EAST STROUDSBURG — Living through a global pandemic is also living through history, and the East Stroudsburg Area School District wants to make sure the community documents it while it’s happening.
Inspired by the Monroe County Historical Association’s collection effort, the school district is asking students, parents, teachers and student teachers to submit artifacts documenting their time at home.
The submissions could directly relate to students’ studies, or they might document time spent with their families, or socially distant activities with friends like a drive-by birthday celebration.
This generation of students will always have this experience in common, said Heather Piperato, director of secondary education. It’ll be a “Remember when?” moment for them.
Even before the school district linked with the historical association effort, the staff was compiling weekly photo albums of the learn-from-home experience.
“As happy as the children are in the pictures, you can just see in their eyes, they miss school,” said Tabitha Bradley, director of elementary education.
It’s easier for some students than others, Piperato noted. Some might be making fun TikTok videos with their friends, or driving past each others’ houses, but others might contribute “artifacts that show the other side, a lonely side or a struggling side.”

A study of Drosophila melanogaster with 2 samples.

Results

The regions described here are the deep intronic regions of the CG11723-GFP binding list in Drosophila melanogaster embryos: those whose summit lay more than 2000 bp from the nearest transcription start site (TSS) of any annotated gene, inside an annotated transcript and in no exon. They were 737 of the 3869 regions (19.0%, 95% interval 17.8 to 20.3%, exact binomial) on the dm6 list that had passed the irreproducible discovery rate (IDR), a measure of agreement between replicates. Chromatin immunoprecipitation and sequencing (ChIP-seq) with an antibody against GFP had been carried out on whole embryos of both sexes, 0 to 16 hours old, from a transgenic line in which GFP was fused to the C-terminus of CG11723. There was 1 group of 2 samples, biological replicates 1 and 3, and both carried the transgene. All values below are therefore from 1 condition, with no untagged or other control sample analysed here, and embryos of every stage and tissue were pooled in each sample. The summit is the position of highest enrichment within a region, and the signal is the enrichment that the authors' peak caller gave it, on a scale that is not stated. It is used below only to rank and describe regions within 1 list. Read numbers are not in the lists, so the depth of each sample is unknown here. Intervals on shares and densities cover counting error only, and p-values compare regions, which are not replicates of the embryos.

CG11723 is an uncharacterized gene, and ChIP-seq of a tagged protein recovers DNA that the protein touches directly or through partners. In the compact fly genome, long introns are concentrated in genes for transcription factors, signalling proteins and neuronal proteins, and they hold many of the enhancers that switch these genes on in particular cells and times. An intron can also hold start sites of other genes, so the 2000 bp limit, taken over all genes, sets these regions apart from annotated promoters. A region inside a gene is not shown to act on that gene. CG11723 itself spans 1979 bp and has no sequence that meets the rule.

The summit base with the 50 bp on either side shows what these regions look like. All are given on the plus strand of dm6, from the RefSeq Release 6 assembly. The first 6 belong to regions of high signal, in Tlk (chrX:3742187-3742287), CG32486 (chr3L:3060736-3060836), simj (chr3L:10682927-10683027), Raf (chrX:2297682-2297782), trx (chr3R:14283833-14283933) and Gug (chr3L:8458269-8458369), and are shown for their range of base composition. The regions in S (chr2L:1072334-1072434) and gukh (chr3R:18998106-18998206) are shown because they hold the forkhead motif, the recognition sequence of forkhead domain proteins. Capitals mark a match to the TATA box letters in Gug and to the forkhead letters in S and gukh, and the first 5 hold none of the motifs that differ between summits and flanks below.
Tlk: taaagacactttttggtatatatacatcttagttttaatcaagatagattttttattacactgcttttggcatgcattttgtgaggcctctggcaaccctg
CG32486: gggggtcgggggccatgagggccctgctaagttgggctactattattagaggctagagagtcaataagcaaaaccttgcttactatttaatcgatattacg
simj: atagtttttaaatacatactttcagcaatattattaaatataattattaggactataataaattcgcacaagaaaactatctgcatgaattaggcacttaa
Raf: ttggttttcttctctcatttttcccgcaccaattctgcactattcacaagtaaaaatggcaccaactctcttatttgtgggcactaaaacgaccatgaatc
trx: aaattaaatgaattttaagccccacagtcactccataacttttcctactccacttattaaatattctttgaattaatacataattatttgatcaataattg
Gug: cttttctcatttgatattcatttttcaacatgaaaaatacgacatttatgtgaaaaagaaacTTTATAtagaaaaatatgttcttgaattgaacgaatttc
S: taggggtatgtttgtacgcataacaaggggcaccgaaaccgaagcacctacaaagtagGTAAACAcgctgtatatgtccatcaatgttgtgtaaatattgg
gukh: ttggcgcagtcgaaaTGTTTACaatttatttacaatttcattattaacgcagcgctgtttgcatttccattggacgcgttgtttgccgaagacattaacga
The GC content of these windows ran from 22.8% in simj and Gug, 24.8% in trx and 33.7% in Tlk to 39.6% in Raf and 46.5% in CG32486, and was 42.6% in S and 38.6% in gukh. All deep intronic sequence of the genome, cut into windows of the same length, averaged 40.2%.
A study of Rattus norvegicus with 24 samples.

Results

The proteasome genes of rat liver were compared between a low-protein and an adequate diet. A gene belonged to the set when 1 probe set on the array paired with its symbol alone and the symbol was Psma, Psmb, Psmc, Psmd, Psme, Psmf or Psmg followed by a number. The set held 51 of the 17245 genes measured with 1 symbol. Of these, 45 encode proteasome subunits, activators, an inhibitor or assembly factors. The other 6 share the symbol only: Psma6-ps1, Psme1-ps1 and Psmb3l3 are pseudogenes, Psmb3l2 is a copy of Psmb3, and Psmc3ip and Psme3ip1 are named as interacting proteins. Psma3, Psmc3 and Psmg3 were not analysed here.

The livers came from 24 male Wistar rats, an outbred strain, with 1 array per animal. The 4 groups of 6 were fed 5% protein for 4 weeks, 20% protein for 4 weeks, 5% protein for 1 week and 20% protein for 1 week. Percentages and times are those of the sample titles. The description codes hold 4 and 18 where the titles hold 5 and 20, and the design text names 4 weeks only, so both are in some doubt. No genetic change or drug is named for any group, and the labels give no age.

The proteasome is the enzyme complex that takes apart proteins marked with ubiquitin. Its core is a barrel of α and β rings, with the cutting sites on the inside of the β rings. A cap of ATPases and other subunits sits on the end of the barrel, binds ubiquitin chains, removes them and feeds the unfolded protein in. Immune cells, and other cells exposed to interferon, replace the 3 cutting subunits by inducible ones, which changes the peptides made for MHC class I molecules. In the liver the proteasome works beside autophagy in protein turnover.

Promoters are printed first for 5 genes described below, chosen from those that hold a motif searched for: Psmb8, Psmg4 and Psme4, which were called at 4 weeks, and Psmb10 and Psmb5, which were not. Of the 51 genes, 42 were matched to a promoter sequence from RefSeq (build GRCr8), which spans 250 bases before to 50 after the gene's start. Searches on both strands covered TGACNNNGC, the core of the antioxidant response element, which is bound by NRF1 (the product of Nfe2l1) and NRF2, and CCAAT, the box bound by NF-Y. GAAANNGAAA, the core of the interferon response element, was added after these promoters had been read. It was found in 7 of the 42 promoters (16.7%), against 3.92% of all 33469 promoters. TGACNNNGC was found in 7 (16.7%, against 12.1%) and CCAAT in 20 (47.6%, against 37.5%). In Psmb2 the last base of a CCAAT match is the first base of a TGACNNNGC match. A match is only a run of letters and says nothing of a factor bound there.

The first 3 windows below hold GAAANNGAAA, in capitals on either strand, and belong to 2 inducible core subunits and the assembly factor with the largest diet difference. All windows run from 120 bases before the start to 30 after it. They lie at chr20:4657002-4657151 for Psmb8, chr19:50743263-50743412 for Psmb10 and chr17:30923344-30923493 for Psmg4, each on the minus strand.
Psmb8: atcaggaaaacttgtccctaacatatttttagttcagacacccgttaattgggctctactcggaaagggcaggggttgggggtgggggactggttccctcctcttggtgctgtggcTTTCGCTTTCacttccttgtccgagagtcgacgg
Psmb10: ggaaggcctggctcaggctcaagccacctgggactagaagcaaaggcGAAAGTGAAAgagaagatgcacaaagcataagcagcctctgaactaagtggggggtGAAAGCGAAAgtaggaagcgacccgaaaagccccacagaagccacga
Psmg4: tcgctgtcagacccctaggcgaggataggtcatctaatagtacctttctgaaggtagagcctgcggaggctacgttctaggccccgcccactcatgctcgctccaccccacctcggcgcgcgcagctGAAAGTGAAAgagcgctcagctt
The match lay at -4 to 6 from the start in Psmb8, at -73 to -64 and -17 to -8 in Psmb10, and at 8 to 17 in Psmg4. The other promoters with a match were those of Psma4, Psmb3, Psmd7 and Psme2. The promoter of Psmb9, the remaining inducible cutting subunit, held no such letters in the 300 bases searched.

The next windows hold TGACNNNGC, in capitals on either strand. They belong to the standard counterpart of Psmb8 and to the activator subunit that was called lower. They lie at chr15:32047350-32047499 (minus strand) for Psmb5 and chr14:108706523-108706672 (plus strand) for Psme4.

When students return to school, those submissions might be a starting point for conversations about classmates having different experiences.
For Michael Healey, community outreach liaison, the isolation has also been a time to feel connected with colleagues and students. He’s found himself sharing more family photos than before online, for example.
There’s a “tightrope with technology,” he said, and the COVID-19 era is highlighting its benefits. It’s inspiring and reinvigorating, he said, “to see this reconnection of our youth with the educational system in a completely different light.”
It’s not a secret that different students learn differently, but this has reinforced that knowledge.
“I’m hoping that what this showed us, forced us to see, is that there are some other ways to educate, and we can incorporate them in the classroom, if the classroom even looks like it used to when we go back,” Piperato said.
The project is tied to the historical association’s collection effort, but the district also wants to keep updating its own collection and determine a way to share it online with the community. That will need to be “visually appealing,” of course, and likely will involve the help of tech-savvy students, said Angelica Lowe, an ESL specialist at J.M. Hill Elementary.
Lowe was brought onto the project team because she can communicate this to students who might miss the announcement otherwise, “and their experiences are valued too,” she said.
“We want to cast a wide net, because we are a diverse and large school district,” Healey said.
For more information and to submit artifacts, visit https://www.esasd.net/domain/1577.